It’s not the first time now, is it.
Andrew Cole from Newcastle United. Dwight Yorke from Aston Villa. Eric Cantona from Leeds United. Even Dimitar Berbatov from Tottenham Hotspurs. How about Louis Saha from Fulham. Sir Alex Ferguson has long been in the habit of buying the best striker in the Premiership that was not yet at Manchester United. And by best, I mean in terms of scoring goals. All these were prolific goal scorers by the time they joined Manchester United. It meant that United would never be in a position to lose the Premiership on goal difference. In fact, it never came down to this. The goals that these strikers provided meant that the Premiership would be wrapped up on other fronts long before goal difference would come into consideration.
Events of last season however turned everything on its head. Manchester City had a better strike force and thus scored more goals. In the end, the Premiership was lost on goal difference.
Sir Alex had to react. And react he has. Robin Van Persie, the most prolific goal scorer in the Premiership last season. In fact, the most prolific goal scorer in England in the last two seasons. 48 goals in two seasons (although in reality, it’s one and a half seasons). He provides assists as well. In the last three seasons, his total of goals and assists amounts to 80. This is second only to Wayne Rooney, whose total amounts to 82.
Now, the two will be lining up together. What a mouth watering prospect.
But it’s not as easy as it sounds. As everyone has pointed out, Van Persie is 29 years old. As everyone has pointed out, he is injury prone. And as everyone has pointed out, he only had just one and a half prolific seasons at Arsenal. He might not really be that good, if consistency is to be taken into account. And time, as well as his fragile body, are not on his side.
Other questions arise too. What impact will he have on the squad seeing as he is apparently an irreplaceable and assured starter? What happens to Shinji Kagawa, bought at the beginning of the transfer window, and whose favoured position is playing behind the striker? What happens to the likes of Danny Welbeck and Javier Hernandez, who’d worked hard to earn their place in the team at the huge expense of Dimitar Berbatov. What then happens to their confidence now. And there is also the burning question about the suspect midfield. Left back is also a problem, with Patrice evra’s form of late deteriorating at the rate of King Louis XVI’s decline in popularity. Van Persie may be left footed, but it’s not as if United are going to stick him in at left back?
With all these questions in tow, the bigger question is, did Manchester United really need another striker. Did they really need Robin Van Persie?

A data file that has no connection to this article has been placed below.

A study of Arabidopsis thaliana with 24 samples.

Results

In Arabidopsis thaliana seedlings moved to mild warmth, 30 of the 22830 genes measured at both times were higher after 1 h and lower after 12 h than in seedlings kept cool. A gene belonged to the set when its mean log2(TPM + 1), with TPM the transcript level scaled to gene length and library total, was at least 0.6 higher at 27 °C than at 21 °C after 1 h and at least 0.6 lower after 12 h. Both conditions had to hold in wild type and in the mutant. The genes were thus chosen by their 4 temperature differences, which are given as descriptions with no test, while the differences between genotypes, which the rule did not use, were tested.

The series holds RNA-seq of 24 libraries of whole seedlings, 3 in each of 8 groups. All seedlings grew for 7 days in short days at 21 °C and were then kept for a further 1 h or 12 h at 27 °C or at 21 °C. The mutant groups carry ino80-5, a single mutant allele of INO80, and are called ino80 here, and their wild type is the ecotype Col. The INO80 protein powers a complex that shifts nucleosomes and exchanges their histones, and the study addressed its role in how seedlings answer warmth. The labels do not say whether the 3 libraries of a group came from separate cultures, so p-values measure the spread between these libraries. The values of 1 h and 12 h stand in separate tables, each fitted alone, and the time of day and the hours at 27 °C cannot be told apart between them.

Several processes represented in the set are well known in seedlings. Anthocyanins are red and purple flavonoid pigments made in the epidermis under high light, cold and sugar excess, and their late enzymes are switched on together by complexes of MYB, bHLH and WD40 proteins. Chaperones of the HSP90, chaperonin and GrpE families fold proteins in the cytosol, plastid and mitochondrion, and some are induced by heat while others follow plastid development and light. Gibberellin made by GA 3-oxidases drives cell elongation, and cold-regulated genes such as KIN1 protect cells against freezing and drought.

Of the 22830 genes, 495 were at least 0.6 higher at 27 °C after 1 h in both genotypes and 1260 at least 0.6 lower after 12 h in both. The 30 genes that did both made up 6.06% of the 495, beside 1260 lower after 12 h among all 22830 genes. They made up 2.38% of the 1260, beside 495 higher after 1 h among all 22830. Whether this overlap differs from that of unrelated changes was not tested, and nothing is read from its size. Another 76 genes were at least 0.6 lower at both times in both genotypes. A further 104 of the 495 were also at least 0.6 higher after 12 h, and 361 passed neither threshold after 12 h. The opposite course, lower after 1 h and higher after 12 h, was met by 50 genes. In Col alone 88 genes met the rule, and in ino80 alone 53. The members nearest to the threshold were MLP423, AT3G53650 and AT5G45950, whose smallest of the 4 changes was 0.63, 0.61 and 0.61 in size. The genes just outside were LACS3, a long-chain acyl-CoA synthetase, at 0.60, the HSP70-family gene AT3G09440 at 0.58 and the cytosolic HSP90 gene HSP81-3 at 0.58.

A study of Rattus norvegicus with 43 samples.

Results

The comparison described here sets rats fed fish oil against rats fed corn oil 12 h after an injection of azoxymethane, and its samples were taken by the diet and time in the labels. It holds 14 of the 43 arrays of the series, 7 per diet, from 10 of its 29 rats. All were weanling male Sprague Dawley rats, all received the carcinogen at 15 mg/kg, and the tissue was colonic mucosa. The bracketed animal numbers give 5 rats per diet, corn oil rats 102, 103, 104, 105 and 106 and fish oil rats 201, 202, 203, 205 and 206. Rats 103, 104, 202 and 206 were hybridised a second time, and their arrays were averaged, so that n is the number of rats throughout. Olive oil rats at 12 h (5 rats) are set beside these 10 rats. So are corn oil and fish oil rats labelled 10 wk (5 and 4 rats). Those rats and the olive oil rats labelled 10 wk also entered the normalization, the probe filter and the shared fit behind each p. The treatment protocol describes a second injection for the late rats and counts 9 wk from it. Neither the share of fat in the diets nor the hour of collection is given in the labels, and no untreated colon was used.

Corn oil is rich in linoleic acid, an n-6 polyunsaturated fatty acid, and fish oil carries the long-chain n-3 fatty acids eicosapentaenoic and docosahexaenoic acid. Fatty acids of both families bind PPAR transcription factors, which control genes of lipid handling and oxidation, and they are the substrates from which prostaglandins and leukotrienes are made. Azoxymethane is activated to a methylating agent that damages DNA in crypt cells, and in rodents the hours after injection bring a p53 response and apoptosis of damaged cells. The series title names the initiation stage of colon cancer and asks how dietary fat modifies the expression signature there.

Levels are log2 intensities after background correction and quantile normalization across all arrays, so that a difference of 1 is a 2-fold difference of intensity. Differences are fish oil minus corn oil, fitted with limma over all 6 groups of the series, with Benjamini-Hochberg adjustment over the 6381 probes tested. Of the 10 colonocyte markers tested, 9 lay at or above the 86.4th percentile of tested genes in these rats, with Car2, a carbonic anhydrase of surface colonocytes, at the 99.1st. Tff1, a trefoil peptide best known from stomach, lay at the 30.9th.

It is in times like these that I wish I had the power of foresight like Prometheus, or Nostradamus. I would have peeked into the future, and told you the answer. But I do not. And while the former is a creature of Greek mythology, the latter died centuries ago. I am thus nonetheless wiser as to what will actually happen, and just like everybody else must rely on the passing of time to have that question answered.
What I do know however is that of the people in this world whose intuition I have come to learn to never doubt, Sir Alex is one of them. He would not have pursued Robin Van Persie so publicly and admirably if he did not have a plan in mind. He of all people is best suited to handle the potential selection headache that Van Persie brings to his squad. He will know what to do.
Now, don’t get me wrong. I am not saying that this Old Scot of knightly realm never gets it wrong. I am just saying that he rarely does.
And these are the conditions in which he rarely gets it wrong. When everyone thinks he’s lost the plot. When everyone is asking how he will react to Manchester City’s blue tsunami wave. These are the moments he loves. These are the moments he relishes.
And you cannot deny that outside all this questions, Robin Van Persie adds quality to Manchester United’s strike force. Him and Rooney together upfront looks a threatening combination on paper. Football games however are won on the pitch, and not on paper. It is however a good place to start.
It is said that at the end of last season, when United players sat quietly in the dressing room at the Stadium of Light, armed with the knowledge that Sergio Aguero had broken their hearts, Sir Alex stood to speak. He told them to remember that moment. Remember how the Sunderland fans took malicious pride in their great misfortune. Remember how it felt like so that next time, you don’t give them a reason to gloat at Manchester United again.
Maybe, just maybe, signing Robin Van Persie is Sir Alex’s way of ensuring that in the 2012-2013 season, nobody gloats at Manchester United again.